Buffalo's 14215 ZIP code among those Cuomo targets for vaccine push


Twenty-five of those ZIP codes are outside New York City and Long Island and include two in Western New York: 14215 in Buffalo and Cheektowaga and 14770 along the Pennsylvania border in Cattaraugus County.

Because the problem now is "vaccine hesitancy," New York needs to take "a different approach" with those who have not yet been vaccinated, Cuomo said.

Community-based organizations, who will be going door to door, are in a better position to connect with individuals who remain hesitant to get vaccinated, Cuomo said.

Experts are urging people to take similar safety measures from the beginning of the pandemic and advise that if you aren’t fully vaccinated, you should not go to crowded bars or restaurants. Veuer’s Johana Restrepo has more.

"It almost has to be a one-on-one conversation with that 25%," he said.

The 14215 ZIP code includes Buffalo's Kenfield, Schiller Park and Delavan-Grider neighborhoods, and follows Route 33 (Kensington Expressway) east into the Cleveland Hill portion of Cheektowaga.

University Council Member Rasheed Wyatt, whose district includes part of the 14215 ZIP code, welcomed the governor's announcement.

Wyatt said he understands why some people are hesitant, and acknowledged "it's a tough hill to climb" to overcome some of its causes, including historical issues and misinformation.

"My district was hit pretty bad by Covid-19 and for the governor to continue his push is very prudent and I appreciate it," Wyatt said.

The 14215 ZIP is one of several areas in the city that had been targeted in earlier vaccine efforts. When a mass vaccination site was opened in the winter in the Delavan-Grider Community Center, residents of that area were among those eligible for an appointment.

Cuomo singled out several community groups to aid the effort. Organizations sharing $15 million in funding are Hispanic Federation, Federation of Protestant Welfare Agencies, New York Immigration Coalition, Asian American Federation and two community health centers in New York City.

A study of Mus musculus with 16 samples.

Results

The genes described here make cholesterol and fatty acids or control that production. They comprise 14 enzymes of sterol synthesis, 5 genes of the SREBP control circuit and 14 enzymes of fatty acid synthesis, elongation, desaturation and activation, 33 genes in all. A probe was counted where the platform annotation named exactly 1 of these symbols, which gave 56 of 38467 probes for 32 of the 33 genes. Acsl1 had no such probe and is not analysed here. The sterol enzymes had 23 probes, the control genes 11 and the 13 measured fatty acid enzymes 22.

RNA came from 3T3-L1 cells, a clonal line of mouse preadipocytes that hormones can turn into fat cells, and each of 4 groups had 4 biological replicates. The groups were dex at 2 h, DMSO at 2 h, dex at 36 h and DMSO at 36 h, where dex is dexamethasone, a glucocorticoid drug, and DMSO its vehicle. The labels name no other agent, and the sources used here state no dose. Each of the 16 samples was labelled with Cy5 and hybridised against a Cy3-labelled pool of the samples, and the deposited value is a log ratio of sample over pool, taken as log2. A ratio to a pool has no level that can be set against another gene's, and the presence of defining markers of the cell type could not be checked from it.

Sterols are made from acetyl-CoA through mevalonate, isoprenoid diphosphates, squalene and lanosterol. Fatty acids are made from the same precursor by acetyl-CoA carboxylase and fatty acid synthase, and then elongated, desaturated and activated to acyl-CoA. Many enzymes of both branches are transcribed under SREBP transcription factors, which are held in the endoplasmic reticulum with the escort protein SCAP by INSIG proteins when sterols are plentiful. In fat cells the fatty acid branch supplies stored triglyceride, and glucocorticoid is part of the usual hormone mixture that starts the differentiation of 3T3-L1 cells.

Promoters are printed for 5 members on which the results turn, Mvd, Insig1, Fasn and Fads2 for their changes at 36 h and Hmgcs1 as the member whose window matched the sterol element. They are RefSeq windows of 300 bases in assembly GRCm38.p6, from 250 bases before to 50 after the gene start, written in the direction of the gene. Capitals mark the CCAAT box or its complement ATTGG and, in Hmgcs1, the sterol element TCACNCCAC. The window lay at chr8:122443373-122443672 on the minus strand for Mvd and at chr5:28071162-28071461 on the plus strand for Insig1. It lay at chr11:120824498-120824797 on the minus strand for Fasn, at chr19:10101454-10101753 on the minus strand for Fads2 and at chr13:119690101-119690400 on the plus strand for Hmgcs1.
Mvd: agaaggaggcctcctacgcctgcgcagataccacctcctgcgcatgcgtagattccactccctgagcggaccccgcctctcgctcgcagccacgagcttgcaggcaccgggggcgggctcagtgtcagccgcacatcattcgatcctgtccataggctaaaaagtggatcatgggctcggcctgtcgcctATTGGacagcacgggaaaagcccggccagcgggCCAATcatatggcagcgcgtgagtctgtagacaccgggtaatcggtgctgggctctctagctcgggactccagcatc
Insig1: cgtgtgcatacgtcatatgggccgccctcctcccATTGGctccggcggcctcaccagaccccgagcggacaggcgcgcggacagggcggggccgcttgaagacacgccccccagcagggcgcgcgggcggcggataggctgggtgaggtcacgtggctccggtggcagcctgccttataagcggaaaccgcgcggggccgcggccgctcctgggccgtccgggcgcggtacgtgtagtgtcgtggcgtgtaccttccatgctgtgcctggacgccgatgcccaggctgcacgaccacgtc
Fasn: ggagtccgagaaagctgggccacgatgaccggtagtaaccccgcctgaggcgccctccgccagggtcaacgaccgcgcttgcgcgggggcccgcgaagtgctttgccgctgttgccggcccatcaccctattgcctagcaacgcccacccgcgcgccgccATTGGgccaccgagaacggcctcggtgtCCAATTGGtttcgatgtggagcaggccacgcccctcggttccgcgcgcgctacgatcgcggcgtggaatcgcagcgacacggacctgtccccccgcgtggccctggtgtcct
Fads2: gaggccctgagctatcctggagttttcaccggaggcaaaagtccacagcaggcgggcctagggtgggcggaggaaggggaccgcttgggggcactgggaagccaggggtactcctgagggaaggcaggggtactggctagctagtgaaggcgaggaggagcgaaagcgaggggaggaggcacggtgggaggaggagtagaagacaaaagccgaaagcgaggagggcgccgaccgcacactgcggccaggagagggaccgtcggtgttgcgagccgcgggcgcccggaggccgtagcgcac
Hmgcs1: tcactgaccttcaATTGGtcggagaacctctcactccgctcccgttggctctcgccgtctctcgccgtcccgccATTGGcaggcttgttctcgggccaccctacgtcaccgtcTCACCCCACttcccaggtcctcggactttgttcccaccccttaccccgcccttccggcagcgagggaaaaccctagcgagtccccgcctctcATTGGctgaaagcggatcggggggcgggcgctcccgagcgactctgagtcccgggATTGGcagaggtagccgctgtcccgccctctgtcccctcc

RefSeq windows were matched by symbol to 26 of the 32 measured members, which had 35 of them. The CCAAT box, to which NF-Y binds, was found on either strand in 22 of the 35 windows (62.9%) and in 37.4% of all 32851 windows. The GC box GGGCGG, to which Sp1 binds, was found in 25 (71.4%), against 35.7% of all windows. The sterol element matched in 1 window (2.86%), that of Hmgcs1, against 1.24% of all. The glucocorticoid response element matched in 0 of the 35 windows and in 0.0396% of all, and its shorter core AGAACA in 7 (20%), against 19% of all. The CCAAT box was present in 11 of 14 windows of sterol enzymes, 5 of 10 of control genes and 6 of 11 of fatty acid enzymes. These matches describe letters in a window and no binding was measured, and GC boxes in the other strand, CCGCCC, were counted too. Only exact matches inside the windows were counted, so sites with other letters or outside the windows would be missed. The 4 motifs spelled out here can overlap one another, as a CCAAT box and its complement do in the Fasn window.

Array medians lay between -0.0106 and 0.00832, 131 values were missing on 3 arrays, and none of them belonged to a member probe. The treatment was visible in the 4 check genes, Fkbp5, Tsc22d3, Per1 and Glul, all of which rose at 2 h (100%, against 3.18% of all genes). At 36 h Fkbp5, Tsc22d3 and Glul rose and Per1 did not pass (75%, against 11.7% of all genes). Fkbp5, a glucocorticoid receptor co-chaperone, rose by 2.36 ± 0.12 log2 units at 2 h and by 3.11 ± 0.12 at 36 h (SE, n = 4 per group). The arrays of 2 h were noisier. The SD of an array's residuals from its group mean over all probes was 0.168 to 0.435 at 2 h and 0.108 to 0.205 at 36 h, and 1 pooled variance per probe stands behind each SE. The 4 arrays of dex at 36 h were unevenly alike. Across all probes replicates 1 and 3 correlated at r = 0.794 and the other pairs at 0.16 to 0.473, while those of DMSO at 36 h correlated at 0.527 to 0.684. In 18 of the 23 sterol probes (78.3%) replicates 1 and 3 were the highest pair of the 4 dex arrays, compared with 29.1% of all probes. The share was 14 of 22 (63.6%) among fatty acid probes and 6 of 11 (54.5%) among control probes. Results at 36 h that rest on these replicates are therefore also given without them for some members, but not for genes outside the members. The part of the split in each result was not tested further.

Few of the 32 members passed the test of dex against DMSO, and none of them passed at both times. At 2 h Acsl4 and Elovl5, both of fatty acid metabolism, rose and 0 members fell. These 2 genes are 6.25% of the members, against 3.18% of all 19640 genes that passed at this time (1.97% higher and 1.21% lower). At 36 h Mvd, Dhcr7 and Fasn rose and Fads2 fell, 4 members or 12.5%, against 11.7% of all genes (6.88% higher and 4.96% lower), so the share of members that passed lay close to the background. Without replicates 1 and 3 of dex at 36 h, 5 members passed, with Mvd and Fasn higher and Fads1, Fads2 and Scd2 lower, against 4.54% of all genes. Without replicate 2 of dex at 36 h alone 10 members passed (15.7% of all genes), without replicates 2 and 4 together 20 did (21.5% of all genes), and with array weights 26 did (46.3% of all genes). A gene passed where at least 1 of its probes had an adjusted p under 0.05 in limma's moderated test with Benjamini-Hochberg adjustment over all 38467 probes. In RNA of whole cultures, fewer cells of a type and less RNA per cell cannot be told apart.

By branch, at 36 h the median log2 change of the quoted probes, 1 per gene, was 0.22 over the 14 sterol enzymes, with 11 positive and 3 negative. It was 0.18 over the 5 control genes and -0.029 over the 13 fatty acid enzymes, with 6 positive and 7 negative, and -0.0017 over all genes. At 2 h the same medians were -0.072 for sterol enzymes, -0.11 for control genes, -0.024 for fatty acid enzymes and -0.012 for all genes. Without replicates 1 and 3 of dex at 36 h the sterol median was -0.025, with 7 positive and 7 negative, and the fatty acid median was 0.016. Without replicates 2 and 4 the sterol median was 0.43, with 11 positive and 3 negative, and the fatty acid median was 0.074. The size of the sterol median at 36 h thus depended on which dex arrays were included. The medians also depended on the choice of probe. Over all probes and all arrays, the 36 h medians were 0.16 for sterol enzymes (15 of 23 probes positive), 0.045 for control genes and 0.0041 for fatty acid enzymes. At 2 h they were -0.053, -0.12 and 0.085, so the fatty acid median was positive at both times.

The effort comes as the number of Covid infections continues to rise, according to state data.

On Sunday, there were 1,982 new Covid-19 cases across the state. A month ago, on June 26, there were 346 new cases recorded.

At its peak over the winter, there were 19,942 new cases statewide on Jan. 14, according to state data.

Of New York's new positive cases, 72.2% are from the Delta variant of the coronavirus, the governor said. The Delta strain of the virus spreads more easily than other versions of the virus. Earlier this month, the Centers for Disease Control and Prevention estimated 83% of new Covid cases across the country were from the Delta variant.

State data shows that the Covid vaccines have proven effective even against the more transmissible strain of the virus. Of vaccinated New Yorkers, 0.15% have had a "breakthrough" infection with the Delta variant, according to Cuomo.

"If we do not make progress on vaccinating that unvaccinated population, 25%, with the Delta variant, you're going to see numbers go up," Cuomo said. "And that is a large number. And we're going to lose lives. And it will be disruptive. And we cannot let that happen."